The University of Toledo Women & Philanthropy Genetic Analysis Instrumentation Center will be unveiled Thursday, May 17, at 6 p.m. with a ceremony in Health Education Building Room 100 on Health Science Campus, followed by tours of the facility located on the second floor.

The center, which increases the capability of UT researchers in the College of Medicine and Life Sciences to develop preventative, diagnostic and treatment strategies for diseases such as cancer and heart disease, was created with the help of nearly $60,000 from Women & Philanthropy, the largest grant ever awarded by the volunteer organization that supports UT initiatives.

A researcher works in the Women & Philanthropy Genetic Analysis Instrumentation Center.

“This is a critical investment that advances the research mission of UT,” said Marcy McMahon, chair of Women & Philanthropy. “We believe it will serve to improve public health and retain and attract talented scientists dedicated to curing diseases.”

“The center truly transforms work in the emerging field of molecular diagnostics,” said Dr. David Kennedy, assistant professor in the Department of Medicine and co-director of the UT Women & Philanthropy Genetic Analysis Instrumentation Center. “By saving valuable time and using a high-quality process, it sets new standards for molecular testing and incorporates all workflow steps from sample preparation to genetic marker detection.”

“We are extremely grateful for the significant investment provided by Women & Philanthropy to establish the center, which will greatly enhance our capability to investigate numerous diseases and develop potential therapies,” said Dr. Steven Haller, assistant professor in the Department of Medicine and co-director of the new center with Kennedy.

The researchers recently received three grants totaling $450,000 from the Ohio Department of Higher Education to support their water quality research into how exposure to algal toxins, such as microcystin, affects organ function and to create new therapies to prevent and treat organ damage, especially in vulnerable patient populations.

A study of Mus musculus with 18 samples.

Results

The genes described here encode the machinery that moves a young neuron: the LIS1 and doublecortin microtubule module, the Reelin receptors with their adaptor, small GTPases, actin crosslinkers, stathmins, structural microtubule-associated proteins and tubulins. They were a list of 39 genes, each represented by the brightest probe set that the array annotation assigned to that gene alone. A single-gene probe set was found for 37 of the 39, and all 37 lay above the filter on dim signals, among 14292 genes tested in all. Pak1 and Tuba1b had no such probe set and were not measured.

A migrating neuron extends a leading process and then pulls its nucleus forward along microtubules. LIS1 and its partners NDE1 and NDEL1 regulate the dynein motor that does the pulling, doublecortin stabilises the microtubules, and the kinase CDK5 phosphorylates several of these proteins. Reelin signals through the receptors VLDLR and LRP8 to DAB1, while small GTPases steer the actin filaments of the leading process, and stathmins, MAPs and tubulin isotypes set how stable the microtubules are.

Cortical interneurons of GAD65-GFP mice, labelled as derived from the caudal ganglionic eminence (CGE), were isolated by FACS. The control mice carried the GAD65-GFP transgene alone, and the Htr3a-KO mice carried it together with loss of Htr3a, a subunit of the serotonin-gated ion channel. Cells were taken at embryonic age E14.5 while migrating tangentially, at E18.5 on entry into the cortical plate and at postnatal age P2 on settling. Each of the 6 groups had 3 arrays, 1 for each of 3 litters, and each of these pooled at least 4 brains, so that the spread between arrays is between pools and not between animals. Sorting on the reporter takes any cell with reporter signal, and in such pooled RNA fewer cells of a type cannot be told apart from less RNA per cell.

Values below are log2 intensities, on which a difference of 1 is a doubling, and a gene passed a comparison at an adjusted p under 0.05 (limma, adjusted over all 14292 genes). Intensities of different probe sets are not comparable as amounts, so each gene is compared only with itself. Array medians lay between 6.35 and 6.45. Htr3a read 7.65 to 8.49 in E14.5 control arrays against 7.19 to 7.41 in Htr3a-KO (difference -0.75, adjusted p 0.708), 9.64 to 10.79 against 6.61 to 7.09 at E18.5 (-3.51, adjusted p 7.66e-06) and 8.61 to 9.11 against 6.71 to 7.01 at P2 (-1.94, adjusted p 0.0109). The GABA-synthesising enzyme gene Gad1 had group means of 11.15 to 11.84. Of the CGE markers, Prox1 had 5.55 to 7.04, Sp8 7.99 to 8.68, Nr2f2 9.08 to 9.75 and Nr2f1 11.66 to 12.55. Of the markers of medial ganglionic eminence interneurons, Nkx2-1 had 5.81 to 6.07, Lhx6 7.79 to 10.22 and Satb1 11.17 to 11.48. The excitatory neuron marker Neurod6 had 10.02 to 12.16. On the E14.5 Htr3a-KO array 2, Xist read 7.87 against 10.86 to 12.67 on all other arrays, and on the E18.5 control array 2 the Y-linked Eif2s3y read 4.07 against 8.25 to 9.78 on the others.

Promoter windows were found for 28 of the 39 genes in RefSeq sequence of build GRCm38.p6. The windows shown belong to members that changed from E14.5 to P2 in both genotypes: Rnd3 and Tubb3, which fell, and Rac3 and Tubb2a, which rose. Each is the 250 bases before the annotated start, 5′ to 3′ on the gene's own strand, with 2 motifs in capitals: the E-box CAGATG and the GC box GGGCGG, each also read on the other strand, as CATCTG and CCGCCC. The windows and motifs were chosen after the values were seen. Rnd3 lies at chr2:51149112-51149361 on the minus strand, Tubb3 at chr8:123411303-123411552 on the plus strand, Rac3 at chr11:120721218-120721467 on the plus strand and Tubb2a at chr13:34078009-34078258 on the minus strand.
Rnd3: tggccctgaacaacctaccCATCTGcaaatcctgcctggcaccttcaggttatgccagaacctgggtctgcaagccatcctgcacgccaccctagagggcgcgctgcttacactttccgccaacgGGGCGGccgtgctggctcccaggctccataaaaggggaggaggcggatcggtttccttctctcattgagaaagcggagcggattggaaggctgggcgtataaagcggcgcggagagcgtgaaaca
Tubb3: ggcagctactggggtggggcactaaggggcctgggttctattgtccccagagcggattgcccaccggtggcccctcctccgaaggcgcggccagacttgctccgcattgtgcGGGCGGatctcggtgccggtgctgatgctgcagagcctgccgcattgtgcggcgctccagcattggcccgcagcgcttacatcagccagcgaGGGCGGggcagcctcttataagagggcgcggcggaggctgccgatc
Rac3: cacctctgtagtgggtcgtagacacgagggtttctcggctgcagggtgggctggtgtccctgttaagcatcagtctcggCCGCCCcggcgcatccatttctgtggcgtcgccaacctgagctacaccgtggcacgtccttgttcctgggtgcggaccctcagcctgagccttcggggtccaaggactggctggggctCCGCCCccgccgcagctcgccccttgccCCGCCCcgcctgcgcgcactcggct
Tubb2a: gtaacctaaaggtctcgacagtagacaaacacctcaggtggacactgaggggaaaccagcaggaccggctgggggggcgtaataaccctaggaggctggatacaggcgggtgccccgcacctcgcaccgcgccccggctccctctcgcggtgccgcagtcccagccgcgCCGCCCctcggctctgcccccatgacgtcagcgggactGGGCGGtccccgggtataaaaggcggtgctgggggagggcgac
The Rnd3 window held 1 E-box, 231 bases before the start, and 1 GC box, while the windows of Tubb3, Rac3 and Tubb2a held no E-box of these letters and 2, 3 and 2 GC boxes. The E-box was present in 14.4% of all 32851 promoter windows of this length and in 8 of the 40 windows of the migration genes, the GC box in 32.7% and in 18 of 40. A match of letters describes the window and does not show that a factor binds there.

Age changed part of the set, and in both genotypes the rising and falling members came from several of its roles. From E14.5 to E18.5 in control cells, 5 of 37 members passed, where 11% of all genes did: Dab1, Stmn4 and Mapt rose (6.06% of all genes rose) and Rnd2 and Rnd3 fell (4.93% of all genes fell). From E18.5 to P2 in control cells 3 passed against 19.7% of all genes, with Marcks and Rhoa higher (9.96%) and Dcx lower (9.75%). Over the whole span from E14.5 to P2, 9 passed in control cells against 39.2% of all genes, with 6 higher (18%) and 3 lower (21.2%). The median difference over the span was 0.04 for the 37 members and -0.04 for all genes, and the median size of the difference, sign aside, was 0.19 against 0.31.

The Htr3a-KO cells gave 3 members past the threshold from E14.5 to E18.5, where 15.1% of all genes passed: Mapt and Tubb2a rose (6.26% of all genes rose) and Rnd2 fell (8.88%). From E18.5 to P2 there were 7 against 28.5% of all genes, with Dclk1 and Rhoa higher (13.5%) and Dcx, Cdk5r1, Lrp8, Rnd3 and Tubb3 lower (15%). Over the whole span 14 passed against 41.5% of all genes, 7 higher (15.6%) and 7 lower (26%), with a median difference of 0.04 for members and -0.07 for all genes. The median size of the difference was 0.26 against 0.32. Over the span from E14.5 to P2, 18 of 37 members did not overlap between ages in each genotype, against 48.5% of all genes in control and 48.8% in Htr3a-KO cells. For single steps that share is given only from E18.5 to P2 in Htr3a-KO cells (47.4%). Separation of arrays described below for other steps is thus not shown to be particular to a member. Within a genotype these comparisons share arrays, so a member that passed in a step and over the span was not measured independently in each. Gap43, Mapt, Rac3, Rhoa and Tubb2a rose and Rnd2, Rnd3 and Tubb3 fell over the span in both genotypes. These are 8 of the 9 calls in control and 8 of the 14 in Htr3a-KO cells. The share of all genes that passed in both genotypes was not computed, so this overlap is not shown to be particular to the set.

“Although scientists in UT’s Department of Medicine are involved in many cutting-edge research projects vital to human health areas, they lacked the ability to process and examine multiple human and experimental samples for genetic analysis without significant delay,” McMahon said. “The Genetic Analysis Center meets that need.”

The UT Women & Philanthropy Genetic Analysis Instrumentation Center also received more than $45,000 in support from Qiagen, a biomedical company headquartered in Germany, to help pay for instruments, including:

• The Qiagen TissueLyser II, a tissue processor that allows up to 192 biological samples to be processed at the same time;

• The QIACube HT, a DNA-, RNA- and protein-extraction system that uses nucleic acid to quickly and easily purify DNA, RNA, protein and miRNA from almost any type of sample, including cells, tissues and food, as well as from bacteria and viruses in animal samples;

• The QIAgility, an automated liquid handling system that provides rapid, high-precision setup for polymerase chain reaction, a technique used to amplify, or make many copies of, a segment of DNA; and

• Real-time multiplex polymerase chain reaction thermal cyclers that use a centrifugal rotary design to allow each reaction tube to spin in a chamber of moving air, which keeps all samples at each step of the cycling program at exactly the same temperature. The system contains integrated Q-Rex software for data integration and analysis.